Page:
Julia Obear, a bicycle messenger, wears the hat of the National Women’s Party while cycling in 1922.
On Sunday night, July 16, 1895, Hattie Strage of Chicago was arrested and fined for disorderly conduct. Her offense? Bicycling over the city’s fashionable South Side boulevards “arrayed in a bloomer suit consisting of flesh-colored tights and a short jacket.”
Women’s cycling attire was a subject of intense scrutiny at the dawn of the golden age of bicycling in America, as documented by newspaper stories highlighted on the Library’s Chronicling America site—the notice about Strage’s arrest appeared in the Mexico (Missouri) Weekly Ledger.
This month, as warmer weather signals the start of the cycling season, we’re adding to our Free to Use archive all kinds of themed content about bicycles. We’re including images portraying early women cyclers like Strage, but also historical ads featuring bicycles, cartoons, lithographs, maps and more.
The Free to Use archive features themed sets of content (such as travel posters, presidential portraits, Civil War drawings, dogs and, now, bicycles) that are all free to use and reuse, meaning there are no known copyright restrictions associated with this content. In other words, you can do whatever you want with it.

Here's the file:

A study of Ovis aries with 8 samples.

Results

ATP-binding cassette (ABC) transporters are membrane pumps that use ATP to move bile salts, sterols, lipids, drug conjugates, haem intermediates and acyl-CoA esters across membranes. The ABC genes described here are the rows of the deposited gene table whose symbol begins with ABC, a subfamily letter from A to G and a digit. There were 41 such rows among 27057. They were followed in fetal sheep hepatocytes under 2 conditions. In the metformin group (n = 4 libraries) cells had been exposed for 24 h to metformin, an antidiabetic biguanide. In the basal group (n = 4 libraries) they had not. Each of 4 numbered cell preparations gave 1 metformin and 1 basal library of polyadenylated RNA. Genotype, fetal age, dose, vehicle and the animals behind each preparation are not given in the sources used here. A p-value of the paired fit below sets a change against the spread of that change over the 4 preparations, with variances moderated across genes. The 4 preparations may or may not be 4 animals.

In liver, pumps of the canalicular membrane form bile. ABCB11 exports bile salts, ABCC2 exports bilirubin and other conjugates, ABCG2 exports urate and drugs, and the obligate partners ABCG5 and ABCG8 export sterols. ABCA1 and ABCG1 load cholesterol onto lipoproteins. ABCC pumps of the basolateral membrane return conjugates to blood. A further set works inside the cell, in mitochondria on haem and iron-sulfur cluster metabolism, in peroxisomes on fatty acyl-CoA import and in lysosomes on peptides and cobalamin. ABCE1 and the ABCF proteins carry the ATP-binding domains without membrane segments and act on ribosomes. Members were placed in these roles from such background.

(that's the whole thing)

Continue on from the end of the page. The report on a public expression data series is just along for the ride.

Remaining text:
Scroll down for a few more examples and make sure to check out other sets in the archive. And if you find a creative way to reuse any of the images, let us know by commenting on this post.
Theatrical poster for Chas. H. Kabrich, the “only bike-chute aeronat,” who performed a “novel and thrilling” bicycle parachute act in mid-air, 1896.
Actress Madge Lessing holds a musical horn to her lips while cycling, 1898.
“Voyage a la Lune,” a French cartoon showing a man riding on a bicycle-like flying machine, circa 1865–70.
A woman cycler is featured on a patent-medicine ad for hair oil, 1869.